Kate Bush – Experiment IV
tylus Magazine's Seconds column examines those magic moments that arise when listening to a piece of music that strikes that special chord inside. That pounding drum intro; a clanging guitar built-up to an anthemic chorus; that strange glitchy noise you've never quite been able to figure out; that first kiss or heartbreak; a well-turned rhyme that reminds you of something in your own past so much, it seems like it was written for you—all of those little things that make people love music. Every music lover has a collection of these Seconds in his or her head; these are some of ours.
That’s always the first word that comes to mind when I think of Kate Bush’s astounding “Experiment IV.” The song, a then-new track added to her 1986 compilation The Whole Story, shouldn’t be such a stand-out; it’s entirely Kate-of-its-time, all programmed drums (including a very militaristic snare tattoo), swaying strings, and Kate doing her patented vocal tricks. It’s a mid-‘80s-UK-chart warm bath, which only heightens its effect: sound and subject matter clash to frightening effect, a nice irony. “Experiment IV,” after all, concerns the creation of “a sound that could kill someone.”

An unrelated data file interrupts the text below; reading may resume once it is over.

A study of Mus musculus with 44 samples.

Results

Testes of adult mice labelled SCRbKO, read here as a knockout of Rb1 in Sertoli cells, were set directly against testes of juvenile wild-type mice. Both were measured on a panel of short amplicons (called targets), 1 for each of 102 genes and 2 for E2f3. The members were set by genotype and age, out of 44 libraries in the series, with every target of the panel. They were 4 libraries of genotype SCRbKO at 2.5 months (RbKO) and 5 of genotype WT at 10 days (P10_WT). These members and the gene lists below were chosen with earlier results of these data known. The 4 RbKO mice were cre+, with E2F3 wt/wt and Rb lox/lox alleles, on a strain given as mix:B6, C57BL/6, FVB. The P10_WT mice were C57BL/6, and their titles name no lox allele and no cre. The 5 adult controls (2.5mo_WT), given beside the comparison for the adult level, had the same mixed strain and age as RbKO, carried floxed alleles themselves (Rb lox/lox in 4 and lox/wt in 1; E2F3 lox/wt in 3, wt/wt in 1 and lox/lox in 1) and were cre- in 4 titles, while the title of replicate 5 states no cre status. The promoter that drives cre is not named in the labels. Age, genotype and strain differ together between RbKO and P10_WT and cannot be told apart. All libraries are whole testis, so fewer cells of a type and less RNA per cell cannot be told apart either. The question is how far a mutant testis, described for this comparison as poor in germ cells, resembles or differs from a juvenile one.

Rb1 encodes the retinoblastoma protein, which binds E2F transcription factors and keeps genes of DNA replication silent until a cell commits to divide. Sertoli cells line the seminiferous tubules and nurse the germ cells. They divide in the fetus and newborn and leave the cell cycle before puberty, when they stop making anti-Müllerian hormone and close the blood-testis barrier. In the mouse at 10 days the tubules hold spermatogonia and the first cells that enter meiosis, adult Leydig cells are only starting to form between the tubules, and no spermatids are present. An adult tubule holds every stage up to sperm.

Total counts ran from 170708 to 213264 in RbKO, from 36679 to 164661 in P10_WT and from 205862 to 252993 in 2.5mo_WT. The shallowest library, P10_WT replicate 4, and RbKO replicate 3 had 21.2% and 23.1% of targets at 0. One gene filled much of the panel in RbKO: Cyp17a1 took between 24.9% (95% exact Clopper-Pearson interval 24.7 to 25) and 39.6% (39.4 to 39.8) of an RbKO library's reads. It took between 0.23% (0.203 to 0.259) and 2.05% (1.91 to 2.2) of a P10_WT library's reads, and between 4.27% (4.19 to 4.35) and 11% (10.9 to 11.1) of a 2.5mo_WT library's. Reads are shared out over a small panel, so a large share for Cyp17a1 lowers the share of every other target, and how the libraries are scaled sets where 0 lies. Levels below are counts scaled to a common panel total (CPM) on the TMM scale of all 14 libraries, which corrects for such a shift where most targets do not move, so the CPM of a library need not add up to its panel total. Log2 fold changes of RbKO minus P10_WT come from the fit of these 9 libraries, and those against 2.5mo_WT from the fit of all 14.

“We only know in theory what we are doing…”
The song’s narrative is straight out of Orwell’s 1984: a lab of white-coated scientists (as visualized by its excellent video, which stars among others Dawn French and Hugh Laurie) set to work constructing the most horrific sound possible, one that can cause immediate death: “From the painful cries of mothers, to the terrifying screams / We recorded it and put it into our machine,” Kate sings desperately. What could be scarier?
“It’s a mistake in the making…”
The true brilliance of “Experiment IV,” however—and thus, further evidence of the true brilliance of Kate Bush—is the way she produces the song. As long as she’s been self-producing, she’s always made little symphonies of sound, but on few of her songs has the production been as necessarily spot-on as it is here. The drums, for example, are simple Linns metronomically keeping time—until the chorus, when Kate sends them into their snare paces, adding a military element so perfect you can’t imagine the song without it.
Similarly, the song’s swelling strings sound nearly romantic for much of the proceedings, but then on the second chorus start ominously sawing away. On the subsequent bridge, they creep back into the mix so deviously and eerily, it’s as if they came straight from Orwell’s resting place themselves.
“We won’t be there to be blamed, we won’t be there to snitch
I just pray that someone there can hit the switch.”
The sum of these parts is entirely unsettling—as one can only assume it’s meant to be. “Experiment IV” is a fine example of an artist seeing her vision completely through, and nailing it. As opposed to much of Kate’s oeuvre, this is cold and clinical, and guaranteed to provide nightmares. God, she’s good.